Grass is Always Greener on the Other Side - Teaching in Latin America

By Drew Randall

“The grass is always greener on the other side.” This phrase couldn’t be more appropriate for how my wife and I perceived life as English teachers would be in comparison to life as civil engineers in the US. We obtained our TEFL certifications online through the International TEFL Academy. My wife and I have been teaching English abroad in South America for 10-months; 5-months in Arequipa, Peru and 5-months at our current teaching position in Cuenca, Ecuador. Based on our experience so far, there are obvious differences, like the salary, and shocking similarities in time commitment or daily schedule.

Leaving the Classroom for Online Flexibility

By: David Peña 

Exhausted and over it, I was ready to leave my 40 hour per week classroom job for more flexibility and travel. When moving abroad to teach English, I did not expect to have such a rigid schedule, with dozens of outside responsibilities. I wasn’t just planning classes, but somehow I got roped into teaching a homeroom class and working closely with parents and school system drudgery. I was tired and had little time to travel and experience the fun and exciting parts of teaching English abroad.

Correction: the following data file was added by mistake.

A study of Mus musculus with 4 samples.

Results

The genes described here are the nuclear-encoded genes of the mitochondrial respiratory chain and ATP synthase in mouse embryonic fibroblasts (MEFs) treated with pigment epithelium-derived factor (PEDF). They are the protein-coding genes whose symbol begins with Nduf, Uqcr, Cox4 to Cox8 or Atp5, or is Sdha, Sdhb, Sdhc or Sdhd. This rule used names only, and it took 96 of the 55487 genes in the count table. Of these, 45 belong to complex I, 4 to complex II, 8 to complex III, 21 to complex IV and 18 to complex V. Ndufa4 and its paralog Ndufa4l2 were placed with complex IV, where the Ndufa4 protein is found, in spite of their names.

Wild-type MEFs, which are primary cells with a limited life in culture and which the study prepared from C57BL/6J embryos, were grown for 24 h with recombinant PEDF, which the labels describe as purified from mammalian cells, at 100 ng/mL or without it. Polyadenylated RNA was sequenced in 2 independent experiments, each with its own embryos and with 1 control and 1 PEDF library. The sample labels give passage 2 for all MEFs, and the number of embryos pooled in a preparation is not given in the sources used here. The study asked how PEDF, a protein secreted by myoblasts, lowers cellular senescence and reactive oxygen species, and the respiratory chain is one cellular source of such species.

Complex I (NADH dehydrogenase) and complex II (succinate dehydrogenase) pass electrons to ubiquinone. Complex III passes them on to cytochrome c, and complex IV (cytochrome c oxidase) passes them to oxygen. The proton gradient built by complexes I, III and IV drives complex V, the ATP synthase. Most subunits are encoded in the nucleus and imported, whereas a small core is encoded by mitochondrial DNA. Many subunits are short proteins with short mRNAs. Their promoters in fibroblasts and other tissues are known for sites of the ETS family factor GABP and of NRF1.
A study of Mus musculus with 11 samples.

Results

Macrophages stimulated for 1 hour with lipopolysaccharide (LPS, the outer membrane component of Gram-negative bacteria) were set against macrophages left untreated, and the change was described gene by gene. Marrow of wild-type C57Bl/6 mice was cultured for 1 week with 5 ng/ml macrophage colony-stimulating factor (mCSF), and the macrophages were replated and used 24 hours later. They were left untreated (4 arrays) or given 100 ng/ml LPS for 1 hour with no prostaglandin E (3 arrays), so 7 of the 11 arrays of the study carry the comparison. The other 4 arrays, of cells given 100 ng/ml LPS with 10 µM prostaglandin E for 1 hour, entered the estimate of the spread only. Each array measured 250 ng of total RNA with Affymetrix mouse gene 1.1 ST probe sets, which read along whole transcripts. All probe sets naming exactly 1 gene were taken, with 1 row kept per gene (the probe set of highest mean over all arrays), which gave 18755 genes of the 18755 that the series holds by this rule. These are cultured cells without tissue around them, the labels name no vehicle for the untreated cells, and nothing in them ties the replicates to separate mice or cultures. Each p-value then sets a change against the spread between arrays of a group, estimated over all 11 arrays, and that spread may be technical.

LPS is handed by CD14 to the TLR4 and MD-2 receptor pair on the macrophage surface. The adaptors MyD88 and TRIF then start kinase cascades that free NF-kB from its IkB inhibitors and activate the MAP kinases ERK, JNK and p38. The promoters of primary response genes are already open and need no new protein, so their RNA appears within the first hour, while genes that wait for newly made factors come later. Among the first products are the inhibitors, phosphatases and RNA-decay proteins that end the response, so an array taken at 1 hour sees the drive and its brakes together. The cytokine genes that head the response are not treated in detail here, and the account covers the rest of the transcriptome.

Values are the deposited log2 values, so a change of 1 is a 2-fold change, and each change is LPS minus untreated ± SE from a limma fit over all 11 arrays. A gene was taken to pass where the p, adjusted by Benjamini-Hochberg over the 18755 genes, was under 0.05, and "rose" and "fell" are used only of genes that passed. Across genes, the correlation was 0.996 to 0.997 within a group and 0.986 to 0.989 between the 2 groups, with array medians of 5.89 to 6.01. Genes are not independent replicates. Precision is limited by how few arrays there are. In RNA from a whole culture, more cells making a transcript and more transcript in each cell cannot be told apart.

Living & Teaching English in Latin America: An Incredibly Diverse Region

By: Camille Gix

Spanish. There is my list of similarities between Ecuador and Chile, and even that is debatable with the drastic change in accent. After living in Ecuador for nearly eight months teaching English, I figured the move to Chile wouldn’t be that different. I thought, “Hey! Same language, same continent, same culture right?” Wrong.

Ecuador, named for its location in the middle of the earth, is relatively warm, year-round, especially where I lived, in a small town near to the coast. Humid and hot, with a lively culture mixed with a native flair, Ecuador is what you would expect of a South American country. With a slow, smooth and song-like Spanish, learning the language was a wonderful experience. People in Ecuador are warm, family-oriented, and life in general in slower and much more relaxed than that of the United States.

The Process of Moving to Teach English in Cuenca, Ecuador

 By: Lindsey Ingwersen

After graduating from University in 2015 with little idea of what I wanted to do and even slimmer desire to join the “real working world”, I sought out my first international adventure to Fiji, New Zealand, and Australia. Most people thought I was crazy after booking a one way ticket. After all, I had a bad history of homesickness. I was doing it for adventure, to challenge myself, and to prove to myself (and others) that I could do it. And I did, but I returned home after a short three months with no money, and a plan to work in the US for a year, and then travel again.